Stanley CEO talks about the future of manufacturing

Published on Thursday, 4 October 2018 20:26
Written by Karla Santos


BRISTOL - Stanley Black & Decker’s chief executive officer, Jim Loree, spoke at the Tunxis Foundation Networking Breakfast on Tuesday about the economic challenges Connecticut faces and the role manufacturing can play in developing a more sustainable state economy.

James Lombella, president of Tunxis Community College; members of the community; Tunxis Foundation board members, and students took part in the event at the DoubleTree by Hilton.

Loree said that while Connecticut’s finances have not been growing, institutions such as Tunxis Community College and Stanley Black & Decker can play a role in providing a positive change.

“Incredibly, we have had zero cumulative economic growth since 2008-2009,” Loree said. “I believe we can once again become a hub for advanced manufacturing in the United States, this time with a focus on the digital revolution. There are five areas that I think we collectively need to focus on: education and skills, perception, pro-growth policy, thought leadership and business engagement.”

Loree said education is key in order to have a vibrant advanced manufacturing corps.

“The skills required for the next generation of manufacturing are very different from the past,” Loree said. “These workers will have to be skilled in high technology machineries, software protocols and technical advances. In this area of education, Connecticut is making tremendous progress. The state has numerous programs to train and retrain workers with community colleges such as Tunxis and many others leading the way.”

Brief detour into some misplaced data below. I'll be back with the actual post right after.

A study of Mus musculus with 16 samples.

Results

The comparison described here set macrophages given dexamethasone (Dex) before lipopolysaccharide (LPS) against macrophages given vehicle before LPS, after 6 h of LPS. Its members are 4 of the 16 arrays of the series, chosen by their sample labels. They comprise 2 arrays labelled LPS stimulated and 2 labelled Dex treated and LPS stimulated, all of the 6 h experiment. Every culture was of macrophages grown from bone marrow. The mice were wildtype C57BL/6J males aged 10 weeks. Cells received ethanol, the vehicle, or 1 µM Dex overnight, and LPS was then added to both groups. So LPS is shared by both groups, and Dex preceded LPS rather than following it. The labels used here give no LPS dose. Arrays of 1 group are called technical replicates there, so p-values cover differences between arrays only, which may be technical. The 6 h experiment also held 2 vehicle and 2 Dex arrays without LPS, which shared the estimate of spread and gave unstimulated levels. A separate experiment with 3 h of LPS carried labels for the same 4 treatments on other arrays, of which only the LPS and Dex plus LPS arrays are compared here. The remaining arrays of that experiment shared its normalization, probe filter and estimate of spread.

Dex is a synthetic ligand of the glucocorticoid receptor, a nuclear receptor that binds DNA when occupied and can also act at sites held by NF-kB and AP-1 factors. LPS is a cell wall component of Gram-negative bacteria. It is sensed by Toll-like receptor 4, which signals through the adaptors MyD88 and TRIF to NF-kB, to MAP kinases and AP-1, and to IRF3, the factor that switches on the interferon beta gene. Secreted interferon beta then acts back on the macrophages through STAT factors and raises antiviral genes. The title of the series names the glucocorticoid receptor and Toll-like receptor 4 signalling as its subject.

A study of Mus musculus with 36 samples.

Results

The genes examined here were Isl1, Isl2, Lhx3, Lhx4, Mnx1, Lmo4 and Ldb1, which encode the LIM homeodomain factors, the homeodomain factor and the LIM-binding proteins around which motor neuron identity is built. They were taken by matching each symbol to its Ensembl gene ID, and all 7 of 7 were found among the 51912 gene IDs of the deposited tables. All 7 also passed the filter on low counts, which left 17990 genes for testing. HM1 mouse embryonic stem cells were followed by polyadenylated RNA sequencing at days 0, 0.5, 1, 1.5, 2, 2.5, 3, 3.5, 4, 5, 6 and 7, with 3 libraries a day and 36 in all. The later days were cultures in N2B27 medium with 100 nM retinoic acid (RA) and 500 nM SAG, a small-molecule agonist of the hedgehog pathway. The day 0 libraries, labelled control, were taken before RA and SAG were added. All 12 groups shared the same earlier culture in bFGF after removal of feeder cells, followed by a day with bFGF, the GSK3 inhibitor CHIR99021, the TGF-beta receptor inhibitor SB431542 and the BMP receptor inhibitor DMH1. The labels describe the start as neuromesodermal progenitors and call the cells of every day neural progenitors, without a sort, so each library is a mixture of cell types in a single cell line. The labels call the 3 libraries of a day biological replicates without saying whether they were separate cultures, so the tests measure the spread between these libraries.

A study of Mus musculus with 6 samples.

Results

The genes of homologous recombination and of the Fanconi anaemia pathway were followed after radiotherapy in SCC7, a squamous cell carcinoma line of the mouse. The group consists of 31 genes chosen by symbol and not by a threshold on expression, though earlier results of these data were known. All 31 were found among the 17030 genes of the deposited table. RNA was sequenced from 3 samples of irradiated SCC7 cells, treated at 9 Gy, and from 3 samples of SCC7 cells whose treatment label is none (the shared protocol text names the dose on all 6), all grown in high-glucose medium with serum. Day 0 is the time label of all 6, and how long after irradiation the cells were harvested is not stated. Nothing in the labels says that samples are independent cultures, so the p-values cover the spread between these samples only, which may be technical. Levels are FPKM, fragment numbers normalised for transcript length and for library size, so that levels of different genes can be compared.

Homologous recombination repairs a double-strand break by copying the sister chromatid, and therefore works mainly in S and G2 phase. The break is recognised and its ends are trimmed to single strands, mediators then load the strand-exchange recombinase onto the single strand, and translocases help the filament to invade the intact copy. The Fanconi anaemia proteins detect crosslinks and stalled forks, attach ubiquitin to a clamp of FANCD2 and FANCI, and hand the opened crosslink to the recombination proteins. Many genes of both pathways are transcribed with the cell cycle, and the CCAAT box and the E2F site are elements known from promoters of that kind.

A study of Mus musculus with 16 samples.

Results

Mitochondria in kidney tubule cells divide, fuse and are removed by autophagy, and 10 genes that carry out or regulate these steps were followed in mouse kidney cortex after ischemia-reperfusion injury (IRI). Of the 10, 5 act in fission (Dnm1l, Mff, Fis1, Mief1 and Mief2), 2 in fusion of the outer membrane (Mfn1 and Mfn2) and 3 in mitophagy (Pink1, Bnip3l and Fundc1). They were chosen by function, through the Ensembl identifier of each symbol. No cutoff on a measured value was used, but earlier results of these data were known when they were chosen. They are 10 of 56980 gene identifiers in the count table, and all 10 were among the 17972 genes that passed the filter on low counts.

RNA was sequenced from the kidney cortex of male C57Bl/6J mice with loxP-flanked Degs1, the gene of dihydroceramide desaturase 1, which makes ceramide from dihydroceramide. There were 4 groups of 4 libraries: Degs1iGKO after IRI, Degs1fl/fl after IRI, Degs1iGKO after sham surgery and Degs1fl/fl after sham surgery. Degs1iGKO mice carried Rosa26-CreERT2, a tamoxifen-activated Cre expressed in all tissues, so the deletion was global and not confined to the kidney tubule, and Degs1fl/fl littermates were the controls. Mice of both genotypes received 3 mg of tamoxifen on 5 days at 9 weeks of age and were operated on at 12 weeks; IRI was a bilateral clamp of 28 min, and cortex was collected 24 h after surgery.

On the other hand, Loree said, there is a significant skill shortage in Connecticut that needs intensive cooperation from both state government and local businesses.

He noted that the perception of manufacturing needs to be more positive and careers in the industry need to be more desirable to those entering the workforce.

“A business friendly environment is critical to the success of attracting businesses, investment capital and talent to the state,” Loree said. “It would be essential for the next administration to recognize the importance of a pro-growth agenda.”

Finally, Loree emphasized leadership, which he said the state needs to truly be established as a center for advanced manufacturing and business engagement.

“We have significant physical challenges that are impeding our growth and hampering our success but as we all know there are so many advantages to this state - our location, the highly talented skilled workforce, the amazing arts institutions, the healthcare, the education, and just the generally extraordinary quality of life,” Loree said.

The event also had a student speaker, Michael Pelletier, who has had several jobs in the manufacturing industry. Pelletier spoke about his personal experience in manufacturing and recognized the need for training even for people like himself who have spent years working in the industry but need to concentrate on learning the new digital manufacturing processes.

To learn more about manufacturing programs at Tunxis visit .

Karla Santos can be reached at 860-801-5079 or

Posted in The Bristol Press, Bristol, General Business on Thursday, 4 October 2018 20:26. Updated: Thursday, 4 October 2018 20:29.